LONDON: Dozens of current and former employees from 10 countries were interviewed and described pervasive silence in the organization, where accusers were ignored or feared for their jobs if they spoke out.
Fifteen of those interviewed claimed they had experienced or reported sexual harassment within the past five years, ranging from 'verbal harassment to rape.' Guardian reports that the investigations were mishandled internally in various ways, and the accused men were often allowed to remain at their posts while accusers were 'forced out of their jobs or threatened.'
One consultant, who allegedly was harassed by her supervisor at her job, said, "If you report it, your career is pretty much over, especially if you're a consultant. It's an unsaid thing." Surprisingly, the United Nations has admitted that under-reporting is a concern but observed that it has prioritised addressing sexual harassment and upholding the zero tolerance policy.
Three women who reported sexual harassment or assault told Guardian that after their complaint, they were forced out of their jobs or threatened with the termination of their contract. The alleged perpetrators, however, continued to remain at their posts. Another woman who claimed that she was raped by a more senior UN staff member, said she lost her job despite producing media evidence and witness testimonies.
Seven other alleged victims who spoke to the Guardian were told by an ombudsman or colleague that they should not try to pursue a complaint.
Alleged perpetrators have on the other hand were allowed to remain in senior positions. Four other women, who are still or were UN employees until recently said they were not even given adequate medical care or counselling by the UN.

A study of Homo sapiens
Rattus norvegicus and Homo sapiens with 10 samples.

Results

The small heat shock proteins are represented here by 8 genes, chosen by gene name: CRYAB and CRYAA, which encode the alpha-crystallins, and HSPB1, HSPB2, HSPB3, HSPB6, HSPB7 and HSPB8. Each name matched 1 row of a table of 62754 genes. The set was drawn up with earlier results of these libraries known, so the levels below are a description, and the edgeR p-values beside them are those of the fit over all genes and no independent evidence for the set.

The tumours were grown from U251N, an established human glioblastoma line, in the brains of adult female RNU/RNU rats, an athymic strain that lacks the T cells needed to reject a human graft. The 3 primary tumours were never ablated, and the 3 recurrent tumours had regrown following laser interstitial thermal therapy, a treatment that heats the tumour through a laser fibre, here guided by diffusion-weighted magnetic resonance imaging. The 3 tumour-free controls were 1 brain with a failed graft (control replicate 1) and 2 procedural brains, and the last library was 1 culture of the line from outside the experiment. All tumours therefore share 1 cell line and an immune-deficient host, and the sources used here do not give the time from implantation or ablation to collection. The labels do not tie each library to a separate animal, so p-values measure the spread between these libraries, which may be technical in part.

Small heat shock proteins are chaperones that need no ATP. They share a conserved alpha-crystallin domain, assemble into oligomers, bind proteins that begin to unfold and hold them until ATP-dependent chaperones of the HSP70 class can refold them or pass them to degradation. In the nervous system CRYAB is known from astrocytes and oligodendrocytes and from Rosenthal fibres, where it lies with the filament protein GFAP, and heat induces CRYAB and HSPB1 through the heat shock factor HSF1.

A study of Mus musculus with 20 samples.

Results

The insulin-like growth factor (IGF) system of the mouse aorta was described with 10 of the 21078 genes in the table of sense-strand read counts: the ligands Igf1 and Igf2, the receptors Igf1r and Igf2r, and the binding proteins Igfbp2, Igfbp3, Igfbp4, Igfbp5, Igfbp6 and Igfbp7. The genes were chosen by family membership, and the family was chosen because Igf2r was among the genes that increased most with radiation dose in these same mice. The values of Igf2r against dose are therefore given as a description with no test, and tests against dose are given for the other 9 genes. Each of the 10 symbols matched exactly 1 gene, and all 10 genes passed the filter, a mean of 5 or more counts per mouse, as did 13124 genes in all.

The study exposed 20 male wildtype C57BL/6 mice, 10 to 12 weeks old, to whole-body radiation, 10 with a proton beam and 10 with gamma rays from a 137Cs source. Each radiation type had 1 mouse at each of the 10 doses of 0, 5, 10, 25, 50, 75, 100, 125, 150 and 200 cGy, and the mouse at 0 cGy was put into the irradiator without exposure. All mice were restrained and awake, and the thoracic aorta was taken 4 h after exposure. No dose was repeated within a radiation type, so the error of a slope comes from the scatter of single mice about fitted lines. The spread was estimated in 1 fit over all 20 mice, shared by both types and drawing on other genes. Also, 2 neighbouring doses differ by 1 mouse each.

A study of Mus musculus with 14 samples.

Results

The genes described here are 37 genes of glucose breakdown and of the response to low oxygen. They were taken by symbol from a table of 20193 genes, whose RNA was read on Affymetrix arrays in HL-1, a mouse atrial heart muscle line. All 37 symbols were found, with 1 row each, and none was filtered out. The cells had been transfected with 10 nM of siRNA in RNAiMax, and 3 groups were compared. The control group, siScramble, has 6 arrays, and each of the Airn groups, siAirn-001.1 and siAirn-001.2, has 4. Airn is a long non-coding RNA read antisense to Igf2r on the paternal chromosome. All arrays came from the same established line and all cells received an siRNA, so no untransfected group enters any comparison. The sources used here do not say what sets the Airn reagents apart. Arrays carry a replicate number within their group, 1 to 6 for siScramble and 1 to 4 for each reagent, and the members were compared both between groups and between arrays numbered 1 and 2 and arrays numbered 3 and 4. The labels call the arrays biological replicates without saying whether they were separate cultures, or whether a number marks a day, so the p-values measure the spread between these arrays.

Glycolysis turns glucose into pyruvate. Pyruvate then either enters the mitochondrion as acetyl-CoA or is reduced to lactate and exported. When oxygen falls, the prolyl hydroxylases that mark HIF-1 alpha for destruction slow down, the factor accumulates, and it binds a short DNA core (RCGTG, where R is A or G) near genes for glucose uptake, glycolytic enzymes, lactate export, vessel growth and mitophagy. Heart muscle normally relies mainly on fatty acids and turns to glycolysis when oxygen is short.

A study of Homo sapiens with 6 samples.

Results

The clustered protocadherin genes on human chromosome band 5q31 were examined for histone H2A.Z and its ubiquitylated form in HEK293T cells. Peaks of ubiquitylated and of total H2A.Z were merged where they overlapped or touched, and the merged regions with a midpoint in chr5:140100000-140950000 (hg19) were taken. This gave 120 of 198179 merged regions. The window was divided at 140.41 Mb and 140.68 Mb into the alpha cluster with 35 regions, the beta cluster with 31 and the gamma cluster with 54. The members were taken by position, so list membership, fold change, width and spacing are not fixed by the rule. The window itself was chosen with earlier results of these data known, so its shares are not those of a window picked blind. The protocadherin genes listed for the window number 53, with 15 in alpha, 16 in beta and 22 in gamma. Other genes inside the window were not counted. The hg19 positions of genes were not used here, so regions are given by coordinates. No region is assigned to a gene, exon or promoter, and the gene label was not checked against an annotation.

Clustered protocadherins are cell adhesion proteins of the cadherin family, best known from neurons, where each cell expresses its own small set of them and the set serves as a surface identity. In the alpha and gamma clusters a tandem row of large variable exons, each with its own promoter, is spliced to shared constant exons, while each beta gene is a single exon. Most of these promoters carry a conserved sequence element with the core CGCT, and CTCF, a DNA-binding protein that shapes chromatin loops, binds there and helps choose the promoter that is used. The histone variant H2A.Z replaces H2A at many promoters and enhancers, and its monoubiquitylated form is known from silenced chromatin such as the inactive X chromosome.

Many victims and witnesses, who did not pursue formal complaints, said they took the decision out of fear, retaliation. Most of UN employees rely on the organisation for employment and for working visas and other UN benefits. Some agencies have a six-month statute of limitations on complaints.
The United Nations have been severally criticised for the incidents of sexual abuse by its peacekeeping missions in Africa and other parts of the world. But the reports of sexual abuse at its offices have surfaced for the first time in the press.
The United Nations, in its report, too conceded the sexual abuse within the organisation remains a concern. "Data collected system-wide in 2016 indicate that 65 allegations of sexual exploitation and abuse involving civilians were reported, while 80 allegations were made against uniformed personnel. These 145 allegations are associated with at least 311 known victims, the vast majority of whom (309) are women and girls, although there may be more," said organisation in its report.